FORCES loyal to Libyan leader Colonel Muammar Gaddafi began air strikes against the rebel-held city of Benghazi today as the UK pushed for a no-fly zone.
According to witnesses on the ground, two planes bombed Benina airport in the city. The extent of the damage was not immediately clear.
The AFP news agency quotes a rebel spokesman as saying two of the planes attacking Benghazi were shot down.
Prime Minister David Cameron has been spearheading international calls for a no-fly zone and earlier this week Britain, France and Lebanon tabled a draft Security Council resolution authorising action.
The US administration had however been reluctant to give its backing to plan, amid fears that it could be dragged into messy conflict in another Muslim country at a time when they are still heavily committed in Afghanistan.
However, after eight hours of talks in the Security Council, Susan Rice, the United States ambassador to the UN, said that America was now prepared to support a new resolution and would be working "very hard" for a vote today.
"We are interested in a broad range of actions that will effectively protect civilians and increase the pressure on the Gaddafi regime to halt the killing and to allow the Libyan people to express themselves in their aspirations for the future freely and peacefully," she told reporters.
"The US view is that we need to be prepared to contemplate steps that include, but perhaps go beyond a no-fly zone, at this point, as the situation on the ground has evolved and as a no-fly zone has inherent limitations in terms of protection of civilians at immediate risk."
After days of stalling by the US over backing for a no-fly zone, diplomats said they were now talking of going even further - with airstrikes and the naval bombardment of Gaddafi's forces to help the rebels.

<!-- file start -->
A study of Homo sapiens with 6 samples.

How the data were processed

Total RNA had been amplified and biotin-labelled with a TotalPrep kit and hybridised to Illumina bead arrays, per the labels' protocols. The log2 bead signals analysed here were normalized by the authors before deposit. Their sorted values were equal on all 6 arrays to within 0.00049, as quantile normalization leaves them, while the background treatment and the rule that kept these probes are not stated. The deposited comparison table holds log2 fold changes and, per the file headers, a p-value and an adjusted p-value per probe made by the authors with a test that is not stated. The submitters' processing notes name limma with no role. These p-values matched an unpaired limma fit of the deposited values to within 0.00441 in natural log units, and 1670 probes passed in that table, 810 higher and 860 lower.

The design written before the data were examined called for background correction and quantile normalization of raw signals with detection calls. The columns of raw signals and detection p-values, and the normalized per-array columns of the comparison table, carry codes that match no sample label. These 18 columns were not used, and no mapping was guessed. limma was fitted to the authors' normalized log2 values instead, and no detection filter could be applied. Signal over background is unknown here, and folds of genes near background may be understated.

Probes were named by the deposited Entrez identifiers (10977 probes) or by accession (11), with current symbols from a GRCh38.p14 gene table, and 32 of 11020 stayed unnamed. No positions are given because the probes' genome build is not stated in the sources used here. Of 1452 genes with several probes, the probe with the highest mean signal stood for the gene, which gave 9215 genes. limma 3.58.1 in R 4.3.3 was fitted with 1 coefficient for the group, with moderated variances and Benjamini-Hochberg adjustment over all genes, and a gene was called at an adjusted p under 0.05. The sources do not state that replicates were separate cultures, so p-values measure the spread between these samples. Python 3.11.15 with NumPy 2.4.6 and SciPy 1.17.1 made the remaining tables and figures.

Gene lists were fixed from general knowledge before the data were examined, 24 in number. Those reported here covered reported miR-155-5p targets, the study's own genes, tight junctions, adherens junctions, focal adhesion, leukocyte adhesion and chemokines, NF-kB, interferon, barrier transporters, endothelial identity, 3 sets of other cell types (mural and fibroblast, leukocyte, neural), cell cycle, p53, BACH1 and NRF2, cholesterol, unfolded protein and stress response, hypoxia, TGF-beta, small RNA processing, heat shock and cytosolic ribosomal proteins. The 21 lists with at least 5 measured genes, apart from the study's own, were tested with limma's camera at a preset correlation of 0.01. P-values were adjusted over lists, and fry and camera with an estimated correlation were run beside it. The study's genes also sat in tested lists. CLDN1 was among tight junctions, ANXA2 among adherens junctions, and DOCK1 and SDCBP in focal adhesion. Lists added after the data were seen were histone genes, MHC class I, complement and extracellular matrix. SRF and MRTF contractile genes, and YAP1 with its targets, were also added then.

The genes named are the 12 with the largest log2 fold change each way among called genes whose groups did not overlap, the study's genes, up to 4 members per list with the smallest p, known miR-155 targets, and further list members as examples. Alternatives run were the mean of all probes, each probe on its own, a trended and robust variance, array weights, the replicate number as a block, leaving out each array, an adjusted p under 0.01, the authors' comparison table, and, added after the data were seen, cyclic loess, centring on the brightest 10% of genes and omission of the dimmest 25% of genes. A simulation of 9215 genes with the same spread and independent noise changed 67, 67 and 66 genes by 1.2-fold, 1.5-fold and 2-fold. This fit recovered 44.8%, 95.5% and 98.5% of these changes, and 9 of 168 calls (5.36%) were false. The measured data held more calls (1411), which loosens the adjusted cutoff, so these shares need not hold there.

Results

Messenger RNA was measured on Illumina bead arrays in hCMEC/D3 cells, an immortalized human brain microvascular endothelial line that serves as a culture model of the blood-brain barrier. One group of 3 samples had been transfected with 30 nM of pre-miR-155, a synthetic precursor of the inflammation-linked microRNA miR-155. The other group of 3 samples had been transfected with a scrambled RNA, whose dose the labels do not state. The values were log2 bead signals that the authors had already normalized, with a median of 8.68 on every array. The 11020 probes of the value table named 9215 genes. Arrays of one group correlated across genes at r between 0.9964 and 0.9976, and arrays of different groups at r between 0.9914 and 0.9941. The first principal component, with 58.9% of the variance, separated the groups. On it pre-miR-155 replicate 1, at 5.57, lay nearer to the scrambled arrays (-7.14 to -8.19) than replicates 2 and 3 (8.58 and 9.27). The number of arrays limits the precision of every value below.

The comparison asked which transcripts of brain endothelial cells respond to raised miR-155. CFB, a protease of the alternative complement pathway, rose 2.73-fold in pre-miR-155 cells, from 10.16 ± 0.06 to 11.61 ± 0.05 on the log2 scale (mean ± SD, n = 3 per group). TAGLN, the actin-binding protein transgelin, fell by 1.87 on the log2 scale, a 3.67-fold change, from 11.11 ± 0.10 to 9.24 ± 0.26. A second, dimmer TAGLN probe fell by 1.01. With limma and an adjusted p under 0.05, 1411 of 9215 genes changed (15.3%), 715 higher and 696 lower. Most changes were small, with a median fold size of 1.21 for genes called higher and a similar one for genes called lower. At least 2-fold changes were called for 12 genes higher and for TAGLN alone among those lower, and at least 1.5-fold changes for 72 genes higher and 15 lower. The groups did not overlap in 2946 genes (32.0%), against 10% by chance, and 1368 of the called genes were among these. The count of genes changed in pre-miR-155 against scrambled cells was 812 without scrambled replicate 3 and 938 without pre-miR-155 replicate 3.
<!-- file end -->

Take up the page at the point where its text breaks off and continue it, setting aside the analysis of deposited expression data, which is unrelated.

Despite the US about-turn, supporters of military intervention still need to overcome the objections of Russia and China which - as permanent members of the Security Council - can veto any resolution.
Two other important Security Council members - Germany and India - have also voiced strong reservations about becoming embroiled in Libya.
Foreign Secretary William Hague said that a strengthened draft resolution, tabled with the support of the Americans, called for "all necessary measures short of an occupation force" to protect the Libyan population.
"I must not pretend that agreement on this will be easy," he told MPs in a Commons debate on north Africa and the Middle East.
"We will do our utmost to ensure the passing of a resolution which places the maximum pressure on the Libyan regime and which extends protection to the beleaguered and oppressed civilian population."
Mr Hague acknowledged that a no-fly zone was not the "complete answer" to the current crisis.
"It may be one element that helps in this situation," he said.
On the ground Libyan rebels are battling to keep Gaddafi's forces from breaking into the key city of Ajdabiya.
Thirty people have been killed and at least 80 wounded in the fighting since Tuesday night, according to a senior hospital official in the city.
Gaddafi's army has surrounded Ajdabiya on three sides, leaving open only the road north to the larger rebel stronghold of Benghazi.
Charred vehicles, bullet-riddled pickup trucks and an overturned tank littered the desert road where pro-Gaddafi forces had fought up to the entrance of Ajdabiya, a city of 140,000.